Caring for the planet: World Conservation Day 2020

World Conservation Day is observed annually on July 28. Given the pandemic has been keeping us home, nature has gotten a break from the tourism and littering that humans bring. However, as the country reopens and more of us go out into the world, it’s important to remember to take care of our planet.

World Conservation Day is meant to bring awareness to the Earth’s limited natural resources, like water, air, soil and trees — all of which we use daily. It’s a day to increase awareness for the importance of protecting these properties, not just for the wellbeing of the planet, but also for the sake of humanity.

“Nature conservation is exactly that; it’s about preserving the natural world that we have all around us. Here in South Florida, that’s the Everglades and surrounding wetlands, pineland scrubs, the Florida Keys, coral reefs and seagrass beds lining the coasts and any habitats in between. It is the upkeep of city parks, beaches and public areas [and] where small niches may open up for animals and plants predominantly to thrive in. It’s really about preventing the destruction of habitats that are already beginning to dwindle all around the planet in order to prevent potential mass extinction,” said Nathan Andrews, treasurer of the NSU Nature Club, SLCE Chair and Archivist Chair for Alpha Phi Omega and Alpha Class Community Service Chair for Epsilon Eta.

To conserve the nature around us, there are a wide variety of different things we can do. From turning off the faucet when brushing our teeth to picking up litter, regardless of what day it is, there is one small action we can each take to take care of our planet. Since the 1970s, NSU has made conservation efforts, and as Sharks within the NSU community, we can aid in making a difference.

“As a whole, recycling can be greatly increased throughout the [NSU] community. We tend to throw things away not knowing that they can be recycled or because it is simply easier to do, but more emphasis needs to be placed on this. Reducing energy usage campus-wide has the potential to be highly-impactful on reducing the carbon footprint of the campus itself. In general, try to disturb the natural world around you as little as possible, as even the smallest things can place a great amount of stress on organisms,” said Andrews.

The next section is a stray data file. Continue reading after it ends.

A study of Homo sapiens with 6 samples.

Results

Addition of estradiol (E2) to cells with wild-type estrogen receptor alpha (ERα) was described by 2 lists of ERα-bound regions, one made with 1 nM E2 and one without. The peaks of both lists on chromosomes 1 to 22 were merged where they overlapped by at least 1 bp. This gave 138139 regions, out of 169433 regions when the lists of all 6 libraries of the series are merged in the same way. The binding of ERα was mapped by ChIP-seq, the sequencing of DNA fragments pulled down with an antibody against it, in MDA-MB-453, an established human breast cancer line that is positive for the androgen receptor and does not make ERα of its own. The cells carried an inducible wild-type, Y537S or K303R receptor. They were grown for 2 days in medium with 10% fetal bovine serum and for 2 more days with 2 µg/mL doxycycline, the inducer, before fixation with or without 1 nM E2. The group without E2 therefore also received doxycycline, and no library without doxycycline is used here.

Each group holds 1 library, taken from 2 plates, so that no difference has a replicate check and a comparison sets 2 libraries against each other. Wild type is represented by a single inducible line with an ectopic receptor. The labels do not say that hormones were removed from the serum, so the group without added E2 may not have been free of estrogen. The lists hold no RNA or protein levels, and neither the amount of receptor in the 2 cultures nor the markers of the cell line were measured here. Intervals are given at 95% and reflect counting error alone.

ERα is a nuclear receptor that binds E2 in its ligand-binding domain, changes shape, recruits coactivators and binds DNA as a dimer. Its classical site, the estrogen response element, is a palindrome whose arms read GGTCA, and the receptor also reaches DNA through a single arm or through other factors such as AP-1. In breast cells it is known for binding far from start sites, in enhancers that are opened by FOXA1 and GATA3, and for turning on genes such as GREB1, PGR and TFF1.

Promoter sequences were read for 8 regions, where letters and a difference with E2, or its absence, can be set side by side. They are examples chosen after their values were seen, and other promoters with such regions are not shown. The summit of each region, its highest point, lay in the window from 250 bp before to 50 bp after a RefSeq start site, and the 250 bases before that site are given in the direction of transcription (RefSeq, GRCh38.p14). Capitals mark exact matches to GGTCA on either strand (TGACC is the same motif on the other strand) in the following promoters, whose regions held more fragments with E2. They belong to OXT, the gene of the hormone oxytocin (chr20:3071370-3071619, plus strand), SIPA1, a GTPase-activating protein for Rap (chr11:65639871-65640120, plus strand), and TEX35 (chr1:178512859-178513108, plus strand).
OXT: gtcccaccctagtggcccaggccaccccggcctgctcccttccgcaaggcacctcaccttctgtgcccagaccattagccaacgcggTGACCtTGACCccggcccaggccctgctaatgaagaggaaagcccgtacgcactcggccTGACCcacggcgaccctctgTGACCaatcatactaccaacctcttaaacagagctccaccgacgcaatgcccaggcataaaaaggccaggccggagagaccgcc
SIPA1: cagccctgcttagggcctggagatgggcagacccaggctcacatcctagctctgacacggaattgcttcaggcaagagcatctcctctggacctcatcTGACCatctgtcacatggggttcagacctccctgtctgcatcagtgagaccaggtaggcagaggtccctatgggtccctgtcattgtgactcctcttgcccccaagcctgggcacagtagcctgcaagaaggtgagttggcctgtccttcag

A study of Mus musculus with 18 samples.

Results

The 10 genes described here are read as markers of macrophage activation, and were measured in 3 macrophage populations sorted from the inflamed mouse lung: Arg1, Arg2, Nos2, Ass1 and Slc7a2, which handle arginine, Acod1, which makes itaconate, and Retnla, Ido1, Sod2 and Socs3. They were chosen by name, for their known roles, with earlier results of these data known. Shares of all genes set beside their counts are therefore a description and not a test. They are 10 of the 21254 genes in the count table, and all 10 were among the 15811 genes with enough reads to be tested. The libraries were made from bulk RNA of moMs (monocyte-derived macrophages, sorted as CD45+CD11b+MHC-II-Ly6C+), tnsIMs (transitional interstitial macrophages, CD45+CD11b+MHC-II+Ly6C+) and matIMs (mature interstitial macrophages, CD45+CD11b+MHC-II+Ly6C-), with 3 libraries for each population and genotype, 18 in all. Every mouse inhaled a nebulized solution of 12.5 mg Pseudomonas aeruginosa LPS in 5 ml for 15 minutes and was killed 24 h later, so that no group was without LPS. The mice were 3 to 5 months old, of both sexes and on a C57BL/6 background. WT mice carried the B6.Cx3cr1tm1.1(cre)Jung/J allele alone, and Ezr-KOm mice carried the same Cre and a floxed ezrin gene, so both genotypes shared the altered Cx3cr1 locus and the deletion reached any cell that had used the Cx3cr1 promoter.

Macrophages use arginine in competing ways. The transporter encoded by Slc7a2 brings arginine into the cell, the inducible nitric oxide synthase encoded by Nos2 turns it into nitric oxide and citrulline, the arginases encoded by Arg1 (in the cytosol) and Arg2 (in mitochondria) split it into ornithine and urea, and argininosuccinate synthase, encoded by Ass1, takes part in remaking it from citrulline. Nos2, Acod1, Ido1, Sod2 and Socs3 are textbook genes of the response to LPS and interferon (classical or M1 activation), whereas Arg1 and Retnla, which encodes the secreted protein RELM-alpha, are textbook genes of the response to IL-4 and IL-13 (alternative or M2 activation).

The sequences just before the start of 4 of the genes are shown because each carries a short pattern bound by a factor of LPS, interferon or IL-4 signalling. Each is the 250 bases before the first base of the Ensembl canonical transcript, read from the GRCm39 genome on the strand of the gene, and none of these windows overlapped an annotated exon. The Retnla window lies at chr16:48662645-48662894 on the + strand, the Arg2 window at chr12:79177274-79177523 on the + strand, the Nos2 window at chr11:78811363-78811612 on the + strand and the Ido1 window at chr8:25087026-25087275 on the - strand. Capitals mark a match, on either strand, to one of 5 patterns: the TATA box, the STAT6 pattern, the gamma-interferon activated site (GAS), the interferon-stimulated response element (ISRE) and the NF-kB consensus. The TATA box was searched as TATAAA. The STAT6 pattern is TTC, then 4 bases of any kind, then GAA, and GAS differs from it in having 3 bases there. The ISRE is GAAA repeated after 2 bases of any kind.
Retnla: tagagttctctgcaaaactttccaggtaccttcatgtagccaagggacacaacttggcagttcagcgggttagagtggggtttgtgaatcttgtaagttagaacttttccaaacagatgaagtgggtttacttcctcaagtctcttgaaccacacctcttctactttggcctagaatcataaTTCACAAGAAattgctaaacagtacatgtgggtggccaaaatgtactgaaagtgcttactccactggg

In South Florida, the biggest nature conservation issue we are facing is urban development. If we continue clearing away lands and habitats for new city developments, we will cause a major problem for the animals in these areas as well as to the lands themselves. Not only are our inlands being affected, but also our reefs and even lakes.

“Ports are being expanded, and as a result, coral reefs and seagrasses are undergoing increased stresses. Lake Okeechobee is currently facing extreme problems with fertilizer entry into waterways, resulting in algal blooms that remove much of the oxygen from the water. We

have to find ways to keep habitats intact and meet our needs as well. This is simply not being done to the extent it needs to be,” said Andrews.

One small step to help conserve nature is to reduce your carbon footprint. This can be done by reducing the amounts you use, reusing what you can and recycling whenever possible. Turning off the lights and TV when you leave a room or are not home, walking or biking instead of taking your car and not letting food go to waste are just some of the ways you can make a big difference by doing something small.

“It’s small things that you may not think have any impact, but over time, [they] greatly reduce your footprint,” said Andrews.

Luckily, through NSU, there are also a few other ways you can help. With the NSU Nature Club, you can attend beach clean-ups in Hollywood, Fort Lauderdale and across from the Oceanographic Campus. If you want to help around campus, the club also does upkeep work in the Medicinal Garden on campus regularly. Also, there are organizations like 4Ocean, the Everglades Foundation and Fight for Zero that provide tips on their websites on how you can help make a difference and get involved.

“The SLCE Office on campus posts cleanups on SharkHub as well that you can sign up for. You can also go to Hands On Broward’s website and find cleanups and invasive species removals as well… Green Sharks Sustainability Club, along with Epsilon Eta Sigma Chapter, also aid in nature preservation; [both push] for clean energy use, carbon footprint reduction and sustainability in general to protect the environment. Being in all three, I highly recommend joining at least one of the organizations and coming out to learn more about what you can do to make your impact on conserving the natural world,” said Andrews.